What is good about Good Friday? Listen to today’s reading and decide.
If you were to be at the table with Jesus and his disciples on the night he was to be betrayed, where do you imagine yourself sitting? Are you scooting as close as you can get to hear what Jesus is saying and to ask him the questions burning in your heart?
Those in the room were celebrating the Passover meal. In case you’re not familiar with the stories in the Bible, or in case you need a refresher, here’s a quick overview:
- The Old Testament follows the adventures and history of one family, the family of Abraham.
- Abraham’s great-grandson Joseph had been sold to Egyptian slave traders by some of his brothers. Though his brothers intended to harm him, God used this for their good. When there was a famine in Israel, Joseph—who had since risen to a position of power in Egypt—was able to save his people. Which is how the Israelites ended up in Egypt.
- Their small clan grew fast and became a threat to the Egyptians, who changed their status from guests to slaves. For 400 years, they worked as slaves, until Moses confronted the Pharaoh, saying, “Let my people go.” But who’d let 2 million slaves go just like that? Despite Moses calling forth plagues, Pharaoh dug in his heals.
- But then God told Moses that each family should take a perfect lamb and prepare what they are to call the Passover meal. They should take some of the blood of the lamb and paint it on the door frame. That night, God moved through Egypt and killed the firstborn of every family in Egypt. Those whose homes were marked by the blood were not only saved, they were then freed from slavery.
- In the events around the Passover table in today’s reading, Jesus washes the disciples’ feet. This is more than an act of servant leadership. It’s about forgiveness. And it’s about brining new life. It was a precursor to the events that would unfold in the next 48 hours, where he would be killed and then come back to life—events that would change our lives forever, allowing you and me to walk into freedom!
As you listen to today’s reading and prayer, consider Jesus’ invitation to wash your feet, to wash away whatever it is that you’re holding onto, believing that Jesus couldn’t possibly forgive you. He can. And he will. I invite you to scoot up closer and pour out your heart to him today.
If you could be around that table with Jesus, what would you be asking him?
… and the truth shall set you free.
That statement of Jesus has been used in ways that don’t represent the original intent. Listen to today’s reading, where Jesus talks about who he is, how how know that truth shall in fact set you free.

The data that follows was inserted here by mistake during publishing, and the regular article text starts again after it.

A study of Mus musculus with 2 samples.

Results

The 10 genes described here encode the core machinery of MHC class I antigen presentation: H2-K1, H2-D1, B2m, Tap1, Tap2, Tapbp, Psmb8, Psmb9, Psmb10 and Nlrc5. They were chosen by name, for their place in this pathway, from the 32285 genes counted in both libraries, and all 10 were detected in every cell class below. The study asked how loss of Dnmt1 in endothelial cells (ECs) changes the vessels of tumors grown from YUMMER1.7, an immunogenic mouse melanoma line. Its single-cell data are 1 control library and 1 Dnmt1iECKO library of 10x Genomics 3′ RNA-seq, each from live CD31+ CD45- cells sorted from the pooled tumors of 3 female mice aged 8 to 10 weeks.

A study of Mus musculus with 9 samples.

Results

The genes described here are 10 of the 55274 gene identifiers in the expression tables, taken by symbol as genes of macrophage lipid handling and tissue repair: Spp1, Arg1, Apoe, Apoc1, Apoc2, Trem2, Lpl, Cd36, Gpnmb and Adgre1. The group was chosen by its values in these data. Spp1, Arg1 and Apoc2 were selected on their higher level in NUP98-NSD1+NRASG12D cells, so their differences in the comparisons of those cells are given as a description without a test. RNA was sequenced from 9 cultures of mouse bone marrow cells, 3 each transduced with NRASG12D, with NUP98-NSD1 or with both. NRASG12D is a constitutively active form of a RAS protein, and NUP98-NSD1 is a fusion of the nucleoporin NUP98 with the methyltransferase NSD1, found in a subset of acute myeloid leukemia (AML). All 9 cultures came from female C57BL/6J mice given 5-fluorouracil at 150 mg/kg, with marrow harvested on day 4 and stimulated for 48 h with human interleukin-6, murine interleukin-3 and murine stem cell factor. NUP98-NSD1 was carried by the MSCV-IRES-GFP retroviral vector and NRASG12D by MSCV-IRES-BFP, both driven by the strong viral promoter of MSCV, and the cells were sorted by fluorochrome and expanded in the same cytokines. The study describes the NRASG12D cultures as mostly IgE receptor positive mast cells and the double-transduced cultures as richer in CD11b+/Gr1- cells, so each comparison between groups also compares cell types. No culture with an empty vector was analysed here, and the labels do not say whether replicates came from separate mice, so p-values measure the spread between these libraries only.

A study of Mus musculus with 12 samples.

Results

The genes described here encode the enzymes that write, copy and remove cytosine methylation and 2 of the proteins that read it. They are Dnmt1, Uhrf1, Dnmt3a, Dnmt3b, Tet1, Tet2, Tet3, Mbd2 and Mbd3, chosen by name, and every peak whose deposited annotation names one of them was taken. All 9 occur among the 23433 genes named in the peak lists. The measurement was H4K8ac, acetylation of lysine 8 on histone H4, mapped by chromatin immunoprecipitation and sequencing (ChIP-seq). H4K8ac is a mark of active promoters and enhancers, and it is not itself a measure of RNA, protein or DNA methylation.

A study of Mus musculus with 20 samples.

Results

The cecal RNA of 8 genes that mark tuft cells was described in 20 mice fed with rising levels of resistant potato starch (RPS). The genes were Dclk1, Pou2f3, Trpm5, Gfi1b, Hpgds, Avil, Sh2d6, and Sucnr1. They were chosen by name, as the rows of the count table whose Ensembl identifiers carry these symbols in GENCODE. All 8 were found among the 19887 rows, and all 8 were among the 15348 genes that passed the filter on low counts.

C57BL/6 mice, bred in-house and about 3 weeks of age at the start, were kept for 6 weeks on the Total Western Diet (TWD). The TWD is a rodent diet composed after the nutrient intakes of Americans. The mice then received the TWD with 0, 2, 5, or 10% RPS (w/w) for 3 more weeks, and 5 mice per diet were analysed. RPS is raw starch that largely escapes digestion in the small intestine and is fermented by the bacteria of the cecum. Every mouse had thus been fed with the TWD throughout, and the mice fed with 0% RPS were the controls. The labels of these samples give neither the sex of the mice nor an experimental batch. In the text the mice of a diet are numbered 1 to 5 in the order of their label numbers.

Place yourself in the shoes of the political leaders. Who do you think Jesus is?
Next, think like a Pharisee or one of the other religious leaders of the time. What would your feelings be toward Jesus?
Finally, put yourself in the shoes of Jesus’ disciples. How are you feeling about the stir your Master is causing in Jerusalem?
Since it’s Holy Week, we ponder the gravity of Jesus’ death and resurrection.
Today’s reading and prayer is centered around the questions people had about Jesus. Was he a political leader? Was he the savior that the Jewish scriptures had prophesied would come? The one they have been waiting for?
Today, consider, who do YOU say Jesus is?
Since it’s Holy Week, we ponder the gravity of Jesus’ death and resurrection. For us, the natural progression is life to death. In Christ, it becomes death to life!
Today’s reading and prayer is centered around the fears we might have around asking Jesus certain questions. While Jesus spoke a lot about the fact that he was going to die and rise again, the disciples were afraid to ask him what he meant by “being raised from the dead.”
What area in your life can you ask Jesus to bring back to life today?
Hosea is one of several prophets in the Old Testament who warned God’s people of exile. We might think that messages about Israel’s exile don’t pertain to us thousands of years later. In the literal sense, they might not.
But you and I still face exile as a human condition in that we return to situations from which we may want to—or need to—escape.
Hosea 11 is a message of hope for the future, a clear reminder of where God has brought us from and his care for us.
May you be encouraged today by this reading.
P.S. If you want to dig a bit deeper into the theme of exile in the Bible, you’ll want to watch this video by the Bible Project guys.